As anticipated, the Federal Reserve, through its Federal Open Market Committee (“FOMC”) meeting, voted to commence a cutback in its systematic quantitative easing program, or “taper”.
The U.S. labor market got back on track last month with a larger-than-forecasted and broad-based payrolls gain, indicating greater progress filling millions of vacancies as the effects of the coronavirus Delta variant fade.
Despite these two major macroeconomic events, the end of the week saw rates decline, with the bellwether ten-year Treasury yield falling below 1.45%, it’s lowest yield since late June. This rate slide is seen as being temporary.
Starting this month and into December, the Fed will curtail its $120 billion/month in asset purchases ($80 billion in Treasury securities and $40 billion in mortgage-backed securities, or “MBS”) by $15 billion, reducing Treasury purchases by $10 billion and MBS purchases by $5 billion each month. This puts them on an eight-month pace to fully reverse this emergency easing activity put into place at the height of the pandemic-induced economic collapse.
In a sign of divergence emerging within the Fed about the persistence of inflation, the Fed left the door open to speeding the rate of tapering of asset purchases after its scheduled December meeting. Any acceleration of this unwinding will most likely be gauged to inflation, setting the course for less than its current eight-month pace. Of note, the FOMC tweaked its official statement on inflation, arguing that although they still believe that currently elevated inflation will be temporary, it may in fact not be. Federal Reserve Chairman Jerome Powell underscored this high level of uncertainty regarding inflation in his post-meeting speech. Chair Powell said that he expects inflation to slow in the first or second quarter of 2022, much later than the Fed previously indicated. He suggested that it is possible we could reach full employment in 2022, which would justify rate increases in the second half of 2022. This will most likely be the case regardless, even if inflation moderates before then.
Once the Fed completes this curtailment of quantitative easing, the next focus will be on raising short-term borrowing rates, such as LIBOR and SOFR. The forward curve has two federal funds increases (of 0.25% each) priced in for 2022. Many market forecasters are calling for as many as three rate hikes before the end of next year.
Payrolls rise greater than expected
Nonfarm payrolls increased 531,000 in October after large upward revisions to the prior two months. The unemployment rate fell to 4.6% from its previous monthly level of 4.8%, while October’s labor force participation rate was unchanged. Average hourly earnings came in line with estimates, rising the most since February.
Payroll gains last month were broad based and led by increases in leisure and hospitality. Professional and business services, transportation and warehousing, and manufacturing also posted significant advances. Hiring at temporary help services rose the most since February, indicating companies are having success luring workers for the holiday-shopping season.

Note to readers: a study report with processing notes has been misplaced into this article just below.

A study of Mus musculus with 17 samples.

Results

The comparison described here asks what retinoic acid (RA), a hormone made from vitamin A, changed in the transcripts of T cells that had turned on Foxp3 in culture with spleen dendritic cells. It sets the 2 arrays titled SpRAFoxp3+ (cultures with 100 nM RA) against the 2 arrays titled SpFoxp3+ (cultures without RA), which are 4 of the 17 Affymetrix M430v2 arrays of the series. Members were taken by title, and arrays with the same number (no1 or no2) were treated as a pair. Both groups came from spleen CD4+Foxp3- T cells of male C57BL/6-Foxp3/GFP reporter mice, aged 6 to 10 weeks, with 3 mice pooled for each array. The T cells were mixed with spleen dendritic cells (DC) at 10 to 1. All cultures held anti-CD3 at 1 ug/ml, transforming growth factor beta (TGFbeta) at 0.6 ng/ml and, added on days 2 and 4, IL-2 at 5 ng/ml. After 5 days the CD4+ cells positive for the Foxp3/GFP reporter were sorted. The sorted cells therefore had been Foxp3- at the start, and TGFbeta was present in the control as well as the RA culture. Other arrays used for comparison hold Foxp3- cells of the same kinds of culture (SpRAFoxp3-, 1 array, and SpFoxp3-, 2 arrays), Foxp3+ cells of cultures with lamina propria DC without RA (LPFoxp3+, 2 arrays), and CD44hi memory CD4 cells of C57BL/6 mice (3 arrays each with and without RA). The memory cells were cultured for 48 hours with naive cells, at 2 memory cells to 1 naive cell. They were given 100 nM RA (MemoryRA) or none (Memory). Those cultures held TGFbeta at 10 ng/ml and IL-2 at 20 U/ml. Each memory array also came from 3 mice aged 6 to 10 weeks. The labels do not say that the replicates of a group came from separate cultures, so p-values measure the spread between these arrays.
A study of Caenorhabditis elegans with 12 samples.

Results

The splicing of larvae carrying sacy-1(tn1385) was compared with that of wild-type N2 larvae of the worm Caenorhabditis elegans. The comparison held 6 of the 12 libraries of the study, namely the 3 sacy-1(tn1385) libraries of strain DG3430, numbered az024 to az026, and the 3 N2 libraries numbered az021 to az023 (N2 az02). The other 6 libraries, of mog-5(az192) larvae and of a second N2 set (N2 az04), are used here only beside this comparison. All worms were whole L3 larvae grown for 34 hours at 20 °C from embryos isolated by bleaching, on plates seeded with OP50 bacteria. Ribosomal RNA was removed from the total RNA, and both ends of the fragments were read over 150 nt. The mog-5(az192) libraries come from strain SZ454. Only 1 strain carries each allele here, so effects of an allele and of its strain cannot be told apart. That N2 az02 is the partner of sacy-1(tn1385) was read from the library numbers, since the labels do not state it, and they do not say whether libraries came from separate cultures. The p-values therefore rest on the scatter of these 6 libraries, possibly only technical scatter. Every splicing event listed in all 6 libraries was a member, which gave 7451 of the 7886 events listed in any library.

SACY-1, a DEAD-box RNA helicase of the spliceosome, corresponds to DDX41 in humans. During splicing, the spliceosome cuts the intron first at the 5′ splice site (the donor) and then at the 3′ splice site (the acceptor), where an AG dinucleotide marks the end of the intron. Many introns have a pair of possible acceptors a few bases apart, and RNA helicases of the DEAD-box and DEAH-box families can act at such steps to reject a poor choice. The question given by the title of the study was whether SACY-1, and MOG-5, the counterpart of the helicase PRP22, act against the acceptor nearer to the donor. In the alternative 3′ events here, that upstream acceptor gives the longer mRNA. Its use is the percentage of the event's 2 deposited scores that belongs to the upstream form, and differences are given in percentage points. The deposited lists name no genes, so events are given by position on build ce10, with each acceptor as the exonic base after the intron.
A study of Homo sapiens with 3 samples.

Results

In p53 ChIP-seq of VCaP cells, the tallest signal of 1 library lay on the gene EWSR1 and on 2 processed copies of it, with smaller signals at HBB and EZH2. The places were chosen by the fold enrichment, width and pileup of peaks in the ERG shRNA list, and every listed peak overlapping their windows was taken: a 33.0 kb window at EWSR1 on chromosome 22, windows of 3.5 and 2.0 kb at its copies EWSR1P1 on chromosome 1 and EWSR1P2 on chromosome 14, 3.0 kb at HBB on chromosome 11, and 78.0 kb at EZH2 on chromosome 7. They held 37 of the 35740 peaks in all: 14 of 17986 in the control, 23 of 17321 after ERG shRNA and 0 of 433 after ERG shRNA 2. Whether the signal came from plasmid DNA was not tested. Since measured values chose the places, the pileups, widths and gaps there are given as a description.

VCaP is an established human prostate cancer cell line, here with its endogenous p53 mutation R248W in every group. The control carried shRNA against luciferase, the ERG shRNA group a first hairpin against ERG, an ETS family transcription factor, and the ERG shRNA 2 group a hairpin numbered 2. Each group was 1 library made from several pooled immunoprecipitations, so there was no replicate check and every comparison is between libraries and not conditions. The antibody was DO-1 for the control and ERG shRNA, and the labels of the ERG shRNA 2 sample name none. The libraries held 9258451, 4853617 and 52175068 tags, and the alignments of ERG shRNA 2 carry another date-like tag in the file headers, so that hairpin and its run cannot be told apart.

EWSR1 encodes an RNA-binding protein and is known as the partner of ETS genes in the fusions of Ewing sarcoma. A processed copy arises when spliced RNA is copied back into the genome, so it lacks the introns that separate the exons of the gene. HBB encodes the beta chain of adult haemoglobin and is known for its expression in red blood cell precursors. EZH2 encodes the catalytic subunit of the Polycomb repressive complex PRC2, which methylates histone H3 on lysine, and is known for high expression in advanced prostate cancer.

Although the payroll report came out higher than expected, it was not high enough to make the market believe the Fed will act faster on their recently announced tapering plans and eventual rate hikes. This led to a rally in Treasury securities and accompanying fall in Treasury rates at the end of the week. The ten-year Treasury yield fell below 1.45% Friday, its lowest level since late June, and 25 basis points (0.25%) off its recent high of just over 1.70%:
Despite this market reaction, this rally is expected to be short-lived with the future direction of interest rates, both in the near-term and in the longer-term, to be upwards for all rates out to at least 20 years, with short-term rates rising next year in anticipation of the Fed’s federal funds expected rate hikes.
Bank of England keeps rates on hold
The Bank of England (“BoE”) kept interest rates on hold this week during their central bank meeting, surprising investors who had been convinced that it would be the first of the world's big central banks to raise borrowing costs after the COVID-19 pandemic. The BoE kept alive the prospect of a move soon, saying it would probably have to raise its Bank Rate from its all-time low of 0.1% "over coming months" if the economy performed as expected. Their hesitancy was primarily driven by concern over what immediate rate hikes would do to the fragile labor markets in Great Britain, despite forecasts for inflation increases to over 5% in early 2022.
The yield on two-year British government bonds fell by the most since the day after the Brexit vote in 2016. This was a clear sign of the dovishness of the BofE and the prioritization of employment over “temporary” inflation, not dissimilar from the stance of the U.S. Federal Reserve. By not raising rates as expected, the value of the British pound sterling fell, supporting the recent strength in the U.S. dollar:
Similar to the posture taken by the BoE, the Reserve Bank of Australia, Australia’s central bank, decided this week at its monthly policy meeting to keep its cash rate also at 0.1%. However, inflation in Australia is not as big of a concern as it is in Great Britain nor in the United States.